Now I’m in lockdown at home, my dogs, Mr Fang and Loopy Lou, have kept me from going completely insane. I can’t imagine being locked away without having them as company.
I first met Mr Fang, the Siberian Husky, about nine years ago. I was dancing around the hallway with him. He was a super-excitable puppy and jumped up at me for cuddles. I instantly fell in love with him.
I knew from this day that I had found a true companion in life and I was completely unaware of the difference that Mr Fang would make to me coping with my mental health issues. He would go on to save me from myself when my severe depression hit so hard that I had planned to take my own life.
Our housing troubles first began about a year-and-a-half ago when I was privately renting a property and the landlady decided that she was going to sell the house. At the time I was fostering and working with huskies from rescue centres that had behavioural issues due to abuse from previous owners. Things were going well. I was in the process of adopting previously troubled dogs when I received the letter. It left me heartbroken having to return them to the rescue as I could not keep so many dogs without a roof over my head — I felt as though I had failed them.
Eventually, a few days into 2019 my landlady told me she had sold the house and I needed to be out in 14 days. This sent me into a panic and severely impacted my mental health, to the point where I was feeling suicidal again. It was only when I felt a warm head rest on my legs, it was Mr Fang staring up at me, that I snapped back to reality. I realised that he needed me as much as I needed him and it saddened me to think of what would become of him or where he would end up if I removed myself from his world.
I was completely unaware of the difference that Mr Fang would make to me coping with my mental health issues
After that I was back out on the streets. I didn’t want to risk Mr Fang’s health or risk losing him. There are places that provide food, services and accommodation for people out on the streets but the problem is they don’t allow dogs inside. I found that problem a lot. Because Mr Fang is a high-profile breed, I couldn’t risk leaving him tied up outside as he could quite easily be stolen, especially as he is so comfortable with people.
We couldn’t take many of those options as a result, so we spent a bit of time sleeping rough in Colwick Woods for a few weeks because we wanted to avoid the city for safety reasons. I didn’t feel comfortable, even with the dog, sleeping in the city centre. Sometimes I could get a friend to look after Mr Fang and that gave me time to approach the council for help with accommodation. Initially, I found them unhelpful and I was even told that I would have to get rid of my dog to get housing, which left me angry and upset.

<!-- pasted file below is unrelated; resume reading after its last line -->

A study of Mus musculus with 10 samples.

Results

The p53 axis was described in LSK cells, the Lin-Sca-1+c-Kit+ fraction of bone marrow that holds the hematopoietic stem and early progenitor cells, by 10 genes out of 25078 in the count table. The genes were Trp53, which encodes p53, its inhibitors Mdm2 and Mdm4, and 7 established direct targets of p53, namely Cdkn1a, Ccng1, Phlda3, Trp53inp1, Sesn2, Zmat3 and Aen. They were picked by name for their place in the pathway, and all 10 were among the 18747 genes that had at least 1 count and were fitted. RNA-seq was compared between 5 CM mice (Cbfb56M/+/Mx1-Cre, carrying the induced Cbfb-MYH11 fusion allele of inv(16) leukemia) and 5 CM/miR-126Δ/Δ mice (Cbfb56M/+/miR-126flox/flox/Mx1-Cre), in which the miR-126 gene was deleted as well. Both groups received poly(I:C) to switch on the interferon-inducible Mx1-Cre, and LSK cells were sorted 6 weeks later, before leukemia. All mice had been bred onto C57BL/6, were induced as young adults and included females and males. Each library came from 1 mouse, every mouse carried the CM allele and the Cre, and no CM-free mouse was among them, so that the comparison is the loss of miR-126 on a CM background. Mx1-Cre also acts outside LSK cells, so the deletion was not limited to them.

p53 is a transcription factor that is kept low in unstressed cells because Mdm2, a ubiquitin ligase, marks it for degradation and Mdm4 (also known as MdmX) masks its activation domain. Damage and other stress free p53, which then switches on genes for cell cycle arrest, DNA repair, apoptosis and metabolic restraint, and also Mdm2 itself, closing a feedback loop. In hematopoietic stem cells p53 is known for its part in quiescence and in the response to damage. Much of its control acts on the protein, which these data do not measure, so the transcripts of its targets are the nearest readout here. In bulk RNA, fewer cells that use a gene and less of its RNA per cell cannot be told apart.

The staff helped me into new move-on accommodation, which took three or four months because this hostel did not accept dogs. Eventually they gave way and agreed to me and Mr Fang moving in. He was a hit with the staff there as well, and he was so well-behaved that we actually opened the door for people in the future to stay there with their dogs. I spent five months there, more or less, until I got my bidding number from the council and I got a place to move into last September after my health problems meant I was given priority. It was such a relief because there are such limited places for people with dogs. It means I can move on with my life. To be in my own place is crucial for my physical health, and it has helped my mental health no end as well.
It’s been wonderful to be in a position to give the dogs the help they need
A couple of months after I moved in, a family were going to put their dog in the kennels because they could no longer look after her. I don’t believe in putting animals in shelters so that’s how I ended up with Bernese mountain dog Loopy Lou as I now had a place where I could look after her.
It’s been wonderful to be in a position to give the dogs the help they need. I’m able to leave them at home sometimes and rest up properly. I have more energy and I’m healing, so I can take them out on longer walks and by selling The Big Issue I have been able to buy them better food before the lockdown. Selling The Big Issue, support from Vets in the Community and having a permanent home have been such a huge help to me.
I’ve had plenty of food come through from Dogs Trust and Vets in the Community while I’ve been in lockdown — that has been crucial to be honest. But it’s still not been easy.
Mr Fang gets really grumpy if he’s not got his exercise, so we’ve been going out really early so he can get a nice long walk without coming into contact with anyone.
It’s been horrible having to re-evaluate how to spend money when I get the chance to spend it. I’ve been putting the dogs first. I always come second when it comes to my dogs, I always need to make sure they are looked after first.